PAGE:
People analytics firm Visier believes its new so-called “burnout technology” will provide greater transparency and insights about employees who are at risk of burning out.

“In the modern workplace, everything gets logged,’’ said Paul Rubenstein, chief people officer at Visier. He describes the software as “collaboration analytics, [which] combines data … sourced from corporate tools, such as Microsoft Office 365 and Microsoft Teams, Zoom, Slack,” and email as well as other collaboration tools, and “enriches it with weekly sourced peer-to-peer feedback.”

The data that is automatically collected from collaboration systems is overlaid with insights from individuals, and the Visier platform aims to provide deeper insights into work and well-being to “provide a rich understanding of the hidden truths inside an organization,” Rubenstein said.

SEE: Hybrid work policy (TechRepublic Premium)

While organizations spent “a lot of time, money, and effort” on mental health during the pandemic, he said there may not have been enough uptake due to the stigma that continues around mental health. There’s also the issue of the “stress brag. You go into a company and say, ‘I’m so busy,’ because no one wants to tell their boss they’re not busy or overwhelmed,’’ Rubenstein said. “It becomes a badge of honor … I find myself doing it sometimes, too.”

Organizations can implement all kinds of programs to address mental health, but Rubenstein likens it to the adage in which you can lead a horse to water, but you can’t make it drink.

Employee burnout is bubbling to the surface more frequently as organizations are increasingly realizing they must be cognizant of the toll the past couple of years has taken.

SEE: Optimism vs. burnout: ADP research finds workers are equally hopeful and stressed out (TechRepublic)

“The best thing employers can do for their business right now is to stop thinking of the Great Attrition as a business problem and, instead, simply address it as a human problem,’’ said Adria Horn, executive vice president of workforce at Tilson, a national telecom provider, to McKinsey. Horn, who is also a lieutenant colonel in the U.S. Army Reserve and an army veteran, added that her thesis is “employees don’t know why employees are leaving.”

Often, people may not even be aware that they’re burnt out, and it’s hard for managers to pick up full expressions and body language on a video call, Rubenstein said. That is one of the downsides of a highly digital, distributed work environment—and the hybrid workforce is here to stay, he said.

Indicators of burnout

The upside is all of these collaboration platforms “give us a rich digital footprint,” Rubenstein said. Collaboration analysis is an emerging class of technology that lets both employers and employees see patterns from those digital footprints.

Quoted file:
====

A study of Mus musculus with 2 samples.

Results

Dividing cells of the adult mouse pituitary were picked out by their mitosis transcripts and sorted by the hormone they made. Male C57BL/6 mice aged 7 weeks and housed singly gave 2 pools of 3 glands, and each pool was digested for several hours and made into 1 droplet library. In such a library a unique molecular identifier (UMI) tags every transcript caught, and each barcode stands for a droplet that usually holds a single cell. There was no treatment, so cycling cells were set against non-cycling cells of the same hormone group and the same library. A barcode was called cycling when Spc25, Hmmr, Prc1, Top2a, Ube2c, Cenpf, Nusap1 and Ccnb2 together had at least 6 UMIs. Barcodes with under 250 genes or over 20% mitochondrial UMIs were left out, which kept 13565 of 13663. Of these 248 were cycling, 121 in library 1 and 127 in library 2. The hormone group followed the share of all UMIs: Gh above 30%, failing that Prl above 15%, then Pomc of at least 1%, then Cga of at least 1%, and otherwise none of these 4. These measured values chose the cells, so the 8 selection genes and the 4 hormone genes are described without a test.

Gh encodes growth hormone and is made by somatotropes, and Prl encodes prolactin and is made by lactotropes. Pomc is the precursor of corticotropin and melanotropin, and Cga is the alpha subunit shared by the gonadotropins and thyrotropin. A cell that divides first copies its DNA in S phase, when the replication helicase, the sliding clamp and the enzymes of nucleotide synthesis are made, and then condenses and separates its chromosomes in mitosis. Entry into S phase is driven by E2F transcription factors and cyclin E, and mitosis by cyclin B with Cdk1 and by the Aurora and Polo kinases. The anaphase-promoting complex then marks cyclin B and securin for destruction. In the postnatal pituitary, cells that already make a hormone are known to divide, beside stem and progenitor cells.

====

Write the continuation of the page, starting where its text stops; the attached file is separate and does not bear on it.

“When I can see who’s connected to who and who’s isolated, that’s a good indicator of burnout,’’ said Rubenstein. “So is the ability to see connections to people change over time,’’ such as if someone becomes more withdrawn online.

According to Rubenstein, collaboration analytics can look at the frequency and strengths of connections between co-workers, as well as their tone, through natural language processing

“Just as marketing uses emails and social media and what you write to understand if you’re happy and have a propensity to buy certain things, employers can now sense if you’re having conflict at work,’’ and whether the tone of emails is positive or negative, Rubenstein said.

Up until now, there hasn’t been much of a digital footprint to mine this data, and it can also be beneficial to employees because it will “serve up a mirror’’ of indicators of burnout, he said. “We’ve now reached a level of maturity and accuracy with collaboration analytics or burnout technology and a relationship between employees and data.”

Besides the tone of emails, Rubenstein said the Visier platform will be able to show the strength, frequency and diversity of connections between coworkers.

“If you’re only talking to one person in the organization, you may not be creating resilient relationships,’’ he said. “If people are having lots of conflicts at work or if we’re picking up frustration in discussions and your emails … that will lead to burnout if people have too long of a digital day and are not taking a digital break.”

The software will let people see patterns and “a signal in the noise.”

The relationship between an employee and their manager is the best driver of whether an employee will stay or leave a company, according to Rubenstein. He added that “burnout technology is one of the most important people technologies we’ll see in the next five years because it helps managers see the deeper human truth about their employees.”

The Visier new platform will be available in the third quarter of 2022.